Shipping with your supplier vs. with your freight forwarder: pros & cons

When you begin negotiations with a new supplier you face a choice: do you let your shipper choose providers and pay for shipping, or do you negotiate with and pay a freight forwarder yourself? To make this choice, you’ll need to consider the incoterms for each option.

The most common Incoterms for having your supplier pay the majority of the costs are:

  • DAP (Delivery at Place)
  • DDP (Delivered, Duties Paid)
  • CIF (Cost, Insurance, and Freight)

The common Incoterms for paying shipping for yourself are:

  • EXW (Ex-Works)
  • FOB (Freight on Board)

(read this article to understand which incoterms you should use

It can be hard to make this decision based purely on incoterms, because in some cases the rates and transit times will be nearly identical. However, there is more to consider than just rates and transit times in order to select the best incoterm for your import. Let’s look at some pros and cons of the options.

Incoterms where your supplier pays most of the shipping costs


  • Suppliers may have premium rates with certain freight forwarders or cargo lines such as DHL or FedEx. They get attractive rates when they are big manufacturers with constant international shipments. Big cargo lines such as DHL and FedEx offer these manufacturers better rates to get the freight. What you might not know is that your supplier may also get some commission for the cargo with such cargo lines, therefore you can still negotiate a bit extra on the rates.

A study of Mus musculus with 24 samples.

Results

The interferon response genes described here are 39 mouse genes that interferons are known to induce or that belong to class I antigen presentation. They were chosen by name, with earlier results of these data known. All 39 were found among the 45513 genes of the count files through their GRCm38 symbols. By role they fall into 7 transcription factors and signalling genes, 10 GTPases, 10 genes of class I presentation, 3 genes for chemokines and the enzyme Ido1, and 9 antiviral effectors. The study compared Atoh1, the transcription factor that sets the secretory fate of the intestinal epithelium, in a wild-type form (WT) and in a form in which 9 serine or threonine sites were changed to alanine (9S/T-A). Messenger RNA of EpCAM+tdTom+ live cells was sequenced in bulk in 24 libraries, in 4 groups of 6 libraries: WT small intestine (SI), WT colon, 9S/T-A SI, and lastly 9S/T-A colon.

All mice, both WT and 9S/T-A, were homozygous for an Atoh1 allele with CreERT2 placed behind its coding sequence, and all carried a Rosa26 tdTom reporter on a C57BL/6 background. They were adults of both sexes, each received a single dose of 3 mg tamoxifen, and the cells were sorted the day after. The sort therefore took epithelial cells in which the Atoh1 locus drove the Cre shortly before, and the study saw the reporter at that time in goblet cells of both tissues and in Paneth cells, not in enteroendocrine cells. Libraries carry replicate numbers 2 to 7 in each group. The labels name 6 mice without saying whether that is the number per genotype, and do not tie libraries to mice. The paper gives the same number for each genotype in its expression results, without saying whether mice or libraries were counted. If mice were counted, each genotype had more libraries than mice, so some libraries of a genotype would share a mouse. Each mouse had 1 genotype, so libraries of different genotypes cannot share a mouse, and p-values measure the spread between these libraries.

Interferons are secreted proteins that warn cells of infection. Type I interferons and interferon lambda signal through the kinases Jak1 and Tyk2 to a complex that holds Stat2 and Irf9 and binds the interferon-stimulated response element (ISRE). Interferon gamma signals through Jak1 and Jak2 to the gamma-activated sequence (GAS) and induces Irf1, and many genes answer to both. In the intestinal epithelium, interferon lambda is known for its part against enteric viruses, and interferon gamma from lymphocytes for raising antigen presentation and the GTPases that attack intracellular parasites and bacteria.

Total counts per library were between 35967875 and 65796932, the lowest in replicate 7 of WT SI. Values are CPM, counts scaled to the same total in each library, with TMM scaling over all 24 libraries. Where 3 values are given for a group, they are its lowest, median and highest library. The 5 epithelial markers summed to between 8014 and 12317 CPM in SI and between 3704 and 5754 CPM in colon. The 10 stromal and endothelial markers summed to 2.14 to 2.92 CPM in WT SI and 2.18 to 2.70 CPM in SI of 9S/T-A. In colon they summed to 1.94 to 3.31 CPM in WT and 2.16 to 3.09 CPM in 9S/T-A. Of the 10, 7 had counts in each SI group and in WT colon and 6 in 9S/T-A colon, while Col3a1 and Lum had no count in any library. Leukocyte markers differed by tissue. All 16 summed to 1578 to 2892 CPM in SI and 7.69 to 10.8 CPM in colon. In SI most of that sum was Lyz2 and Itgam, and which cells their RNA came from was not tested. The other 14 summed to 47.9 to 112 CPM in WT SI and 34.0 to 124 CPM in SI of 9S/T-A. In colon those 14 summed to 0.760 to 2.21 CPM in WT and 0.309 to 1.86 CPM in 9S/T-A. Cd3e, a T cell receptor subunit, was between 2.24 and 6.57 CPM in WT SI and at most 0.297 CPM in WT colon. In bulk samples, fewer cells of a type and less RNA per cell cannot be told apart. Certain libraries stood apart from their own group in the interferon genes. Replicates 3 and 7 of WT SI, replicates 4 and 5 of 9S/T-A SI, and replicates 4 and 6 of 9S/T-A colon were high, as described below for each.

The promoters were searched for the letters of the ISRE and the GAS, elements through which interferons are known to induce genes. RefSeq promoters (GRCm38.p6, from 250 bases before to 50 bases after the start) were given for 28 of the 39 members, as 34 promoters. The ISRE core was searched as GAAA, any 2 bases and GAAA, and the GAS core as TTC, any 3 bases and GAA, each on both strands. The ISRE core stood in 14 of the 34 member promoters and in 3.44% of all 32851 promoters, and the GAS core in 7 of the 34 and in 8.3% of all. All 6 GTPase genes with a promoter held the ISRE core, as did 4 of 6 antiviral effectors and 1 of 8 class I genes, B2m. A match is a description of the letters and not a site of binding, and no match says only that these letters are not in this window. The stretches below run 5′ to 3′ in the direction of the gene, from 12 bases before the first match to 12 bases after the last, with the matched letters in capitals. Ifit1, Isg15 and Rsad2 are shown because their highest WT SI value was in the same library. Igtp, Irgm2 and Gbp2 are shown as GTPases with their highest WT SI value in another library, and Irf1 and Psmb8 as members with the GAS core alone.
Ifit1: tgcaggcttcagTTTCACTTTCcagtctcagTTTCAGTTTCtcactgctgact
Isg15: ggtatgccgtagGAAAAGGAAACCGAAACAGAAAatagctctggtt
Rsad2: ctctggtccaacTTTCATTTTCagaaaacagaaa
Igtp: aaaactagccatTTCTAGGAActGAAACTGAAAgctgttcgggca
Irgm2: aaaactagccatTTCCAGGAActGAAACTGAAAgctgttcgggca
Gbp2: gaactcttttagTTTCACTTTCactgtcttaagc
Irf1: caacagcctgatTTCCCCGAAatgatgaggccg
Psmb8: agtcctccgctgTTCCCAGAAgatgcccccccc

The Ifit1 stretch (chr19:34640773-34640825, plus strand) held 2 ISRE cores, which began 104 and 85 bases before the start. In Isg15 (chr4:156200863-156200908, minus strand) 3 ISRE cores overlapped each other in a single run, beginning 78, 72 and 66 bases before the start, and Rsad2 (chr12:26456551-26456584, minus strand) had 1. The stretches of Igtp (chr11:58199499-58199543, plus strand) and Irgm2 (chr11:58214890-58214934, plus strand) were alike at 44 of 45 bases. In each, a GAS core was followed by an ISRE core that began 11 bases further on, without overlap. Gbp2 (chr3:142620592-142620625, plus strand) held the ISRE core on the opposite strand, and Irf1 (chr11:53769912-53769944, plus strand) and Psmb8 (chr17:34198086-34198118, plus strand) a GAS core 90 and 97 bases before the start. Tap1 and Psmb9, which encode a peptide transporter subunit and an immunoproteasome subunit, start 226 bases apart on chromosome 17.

• Certain suppliers do not negotiate nor quote with different freight forwarders. There is the chance that there is a better rate somewhere else.
  • You have to pay for shipping directly to the supplier, most likely without credit terms.

Incoterms where you pay most of the shipping costs


  • You have better control of the cargo and the budget. When you are the payer, a freight forwarder will provide you with tracking info and document copies instantly. This isn’t always the case when supplier pays as you’ll have to wait while the forwarder is authorized to share documents.
  • You can request credit terms to the forwarder, and you can request value added services at any moment.


  • If it’s your first time working with a particular supplier, you have not yet built a trusting relationship and you don’t know how smoothly they operate. Therefore, using the EXW incoterm and paying for all the shipping costs out of pocket can be a risk. For example, the supplier could simply not load the truck that arrives to pick up your cargo at origin – and you’d still be responsible for at least the trucking cost. In addition, customs clearance at origin could involve additional fees if the supplier’s clearance process is not well-practiced, and you’d only find out after the first clearance. If you still prefer to pay for shipping, it is safer to use FOB terms where the origin costs are paid by your supplier, and you start paying from the moment the cargo arrives at port.

It is not possible to say the above pros and cons will apply in every instance. You need to evaluate your own circumstances, your suppliers, your credit terms, and your freight forwarders. But when you are not sure of which shipping option to follow, remember the above recommendations.